CHENNAI: Heavy wooden doors with lamp soot and vermillion imprints, door numbers, traditional locks, peeling layers of paint, faded walls and ancient movie posters quickly capture one's attention amid the artwork by K R Santhana Krishnan, known as ‘Door Santhanam.’ Working on the theme ‘doors’ has been his bread and butter for over 18 years. He travels and documents the heritage and culture of India lying beyond the doors, which according to him, is the entrance to warmth, happiness and a million secrets.
So, how did his love for doors begin? “My door connection goes way back to my childhood in Kumbakonam. I grew up in the traditional Brahmin agraharam and used to walk to school every day looking at the different doors, pondering about the life within,” he says.
Detailing of the scenes inside the house, through the door is his speciality. His paintings portray the light on the threshold, milk cans, brass and copper water boilers, wet clothes, tulasi plants, lamps, and cycles that depict the lifestyle of people in that period.
Having done his masters in fine arts at University of Madras, he shares that he started full-time work on the concept only after coming to Chennai. “I got into detailing after coming to the city. Details add more authenticity to any work and that was my key to success,” he explains. Starting with water colours, he went on to experiment with oil on canvas, acrylic, mixed media on wood and mixed media on wooden boxes. “I haven’t painted or thought about anything beyond doors. There is more to explore in this concept and I enjoy doing it,” he says.
Where does he get his inspiration from? “The experience I get while travelling to different places, meeting different people, watching movies and experiencing different traditions and culture is where I draw inspiration from,” he says. He documents what he sees and once he is back to his studio in Chennai he lets the memories of his experiences to drive his brushes. “My eyes are my lens. I absorb everything I see and that’s how I manage to make my paintings quite realistic,” he shares. “Rajasthan has been my favourite state so far. The houses and doors are extremely beautiful and captivates the viewer,” he adds.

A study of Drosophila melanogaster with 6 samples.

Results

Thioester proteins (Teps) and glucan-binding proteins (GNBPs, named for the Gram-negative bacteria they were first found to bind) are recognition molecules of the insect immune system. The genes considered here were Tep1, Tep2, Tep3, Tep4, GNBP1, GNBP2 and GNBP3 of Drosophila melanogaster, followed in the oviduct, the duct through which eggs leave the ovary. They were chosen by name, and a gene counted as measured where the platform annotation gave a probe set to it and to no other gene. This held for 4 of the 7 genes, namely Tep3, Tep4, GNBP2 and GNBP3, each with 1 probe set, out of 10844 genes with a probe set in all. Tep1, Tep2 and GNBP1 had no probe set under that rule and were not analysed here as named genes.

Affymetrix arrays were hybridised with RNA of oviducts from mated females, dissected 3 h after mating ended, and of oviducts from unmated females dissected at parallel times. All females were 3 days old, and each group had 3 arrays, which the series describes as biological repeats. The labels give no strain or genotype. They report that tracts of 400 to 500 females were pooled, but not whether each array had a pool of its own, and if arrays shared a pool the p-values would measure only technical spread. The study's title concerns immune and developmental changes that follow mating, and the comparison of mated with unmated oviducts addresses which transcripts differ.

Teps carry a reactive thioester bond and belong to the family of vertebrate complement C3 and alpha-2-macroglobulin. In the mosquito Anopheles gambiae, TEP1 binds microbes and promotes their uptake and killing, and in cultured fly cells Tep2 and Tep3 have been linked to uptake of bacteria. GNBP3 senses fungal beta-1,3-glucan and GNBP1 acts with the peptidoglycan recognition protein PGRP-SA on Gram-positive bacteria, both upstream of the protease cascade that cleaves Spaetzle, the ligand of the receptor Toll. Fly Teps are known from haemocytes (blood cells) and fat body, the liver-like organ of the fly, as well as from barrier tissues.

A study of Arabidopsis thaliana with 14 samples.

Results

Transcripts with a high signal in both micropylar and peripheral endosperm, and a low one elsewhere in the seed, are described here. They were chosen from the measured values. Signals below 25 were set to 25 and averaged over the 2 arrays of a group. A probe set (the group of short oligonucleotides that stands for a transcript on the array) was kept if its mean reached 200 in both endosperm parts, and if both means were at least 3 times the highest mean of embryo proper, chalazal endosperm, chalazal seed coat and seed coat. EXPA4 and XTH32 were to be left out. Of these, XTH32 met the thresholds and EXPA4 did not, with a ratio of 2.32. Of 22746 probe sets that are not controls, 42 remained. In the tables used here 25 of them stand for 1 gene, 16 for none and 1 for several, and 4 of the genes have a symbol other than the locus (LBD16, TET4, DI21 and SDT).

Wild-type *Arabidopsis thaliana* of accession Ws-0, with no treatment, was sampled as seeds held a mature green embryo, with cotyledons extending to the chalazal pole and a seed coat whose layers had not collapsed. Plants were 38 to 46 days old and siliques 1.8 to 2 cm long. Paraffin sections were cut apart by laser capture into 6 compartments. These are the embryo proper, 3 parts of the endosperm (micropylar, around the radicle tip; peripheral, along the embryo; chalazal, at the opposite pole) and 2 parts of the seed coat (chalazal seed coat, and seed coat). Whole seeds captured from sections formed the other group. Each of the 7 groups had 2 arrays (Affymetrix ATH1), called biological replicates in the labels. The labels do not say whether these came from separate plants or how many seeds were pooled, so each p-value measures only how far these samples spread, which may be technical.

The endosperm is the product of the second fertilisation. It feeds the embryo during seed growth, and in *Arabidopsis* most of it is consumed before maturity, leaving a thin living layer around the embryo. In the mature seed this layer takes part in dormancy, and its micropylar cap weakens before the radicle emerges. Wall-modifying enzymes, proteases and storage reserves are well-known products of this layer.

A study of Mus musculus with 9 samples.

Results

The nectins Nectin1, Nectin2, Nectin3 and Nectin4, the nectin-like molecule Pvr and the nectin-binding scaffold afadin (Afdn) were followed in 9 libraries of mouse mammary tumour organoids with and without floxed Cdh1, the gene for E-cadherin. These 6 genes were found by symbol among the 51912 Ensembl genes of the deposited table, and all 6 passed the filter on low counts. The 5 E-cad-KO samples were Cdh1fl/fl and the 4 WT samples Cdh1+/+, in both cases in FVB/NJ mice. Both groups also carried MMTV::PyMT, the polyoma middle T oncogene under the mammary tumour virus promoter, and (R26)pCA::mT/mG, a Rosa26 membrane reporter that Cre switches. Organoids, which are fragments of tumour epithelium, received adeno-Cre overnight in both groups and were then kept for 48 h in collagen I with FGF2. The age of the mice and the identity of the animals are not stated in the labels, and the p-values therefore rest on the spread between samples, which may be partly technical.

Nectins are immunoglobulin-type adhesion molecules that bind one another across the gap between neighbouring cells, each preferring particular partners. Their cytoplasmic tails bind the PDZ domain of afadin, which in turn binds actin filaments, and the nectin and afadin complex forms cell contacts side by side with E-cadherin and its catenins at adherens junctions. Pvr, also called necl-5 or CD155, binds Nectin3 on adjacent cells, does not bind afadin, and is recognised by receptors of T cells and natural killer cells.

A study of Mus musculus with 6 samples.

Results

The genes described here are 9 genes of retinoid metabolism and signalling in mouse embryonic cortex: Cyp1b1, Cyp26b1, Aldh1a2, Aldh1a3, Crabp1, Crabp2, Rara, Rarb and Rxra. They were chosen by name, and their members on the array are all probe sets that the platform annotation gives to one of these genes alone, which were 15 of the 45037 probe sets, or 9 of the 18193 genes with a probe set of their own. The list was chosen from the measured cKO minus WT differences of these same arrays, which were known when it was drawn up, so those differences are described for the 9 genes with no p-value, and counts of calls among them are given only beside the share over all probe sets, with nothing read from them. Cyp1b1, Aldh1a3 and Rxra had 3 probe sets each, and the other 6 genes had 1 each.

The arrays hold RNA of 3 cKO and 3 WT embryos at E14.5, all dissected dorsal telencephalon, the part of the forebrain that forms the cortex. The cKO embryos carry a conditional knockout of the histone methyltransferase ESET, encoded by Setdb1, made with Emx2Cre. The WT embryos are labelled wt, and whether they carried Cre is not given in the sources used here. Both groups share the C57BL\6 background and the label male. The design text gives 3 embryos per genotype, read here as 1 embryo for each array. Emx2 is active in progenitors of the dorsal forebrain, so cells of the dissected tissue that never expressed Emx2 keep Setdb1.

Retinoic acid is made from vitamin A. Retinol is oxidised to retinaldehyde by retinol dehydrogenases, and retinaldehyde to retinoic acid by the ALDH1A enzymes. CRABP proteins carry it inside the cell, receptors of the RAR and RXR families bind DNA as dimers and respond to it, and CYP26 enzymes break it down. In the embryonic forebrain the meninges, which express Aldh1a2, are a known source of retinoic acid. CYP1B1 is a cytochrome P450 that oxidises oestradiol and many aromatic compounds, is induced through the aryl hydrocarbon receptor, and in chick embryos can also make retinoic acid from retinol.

Talking about his family's support, he says, “I decided to become an artist when I was in the fifth grade. I was always inclined towards art and my parents encouraged me. They did not ridicule the idea of taking up art as a full-time profession. I am thankful to them for who I am today.” He paints every day and says his morning usually starts at 4 am. “It is the best time to get creative. I feel sick if I miss out on even one morning,” he says.
With over 1,000 paintings to his credit and more than 40 shows around the globe (solo and group), he says that foreign nationals and expatriate Indians are more interested in his work. “We are loosing our heritage and tradition that was once a part of our lifestyle. Documenting it is a way of immortalising the scene. When people look at it they go back to their childhood,” he says.
Amitabh Bachchan, Vijay Mallya, Sashi Tharoor, Kamal Hassan and Mani Ratnam are among his clients. “Art is something that brings people closer. Many celebrities have my paintings in their collections. They visit my shows and appreciate my work for portraying the heritage of our country,” he shares.
Recollecting an incident at a show in Singapore, he says, “I had a painting of actor MGR from Enga Veettu Pillai. A man from Germany asked me to explain it to him. After I finished, he shocked me with his knowledge about the actor and also asked why his hat was missing in the painting,” he laughs. “My mission is to preserve Indian heritage through paintings and educate the younger generation about what was once our identity,” he adds.
To see his work, visit the Focus Art Gallery, Chennai or www.doorpaintings.com.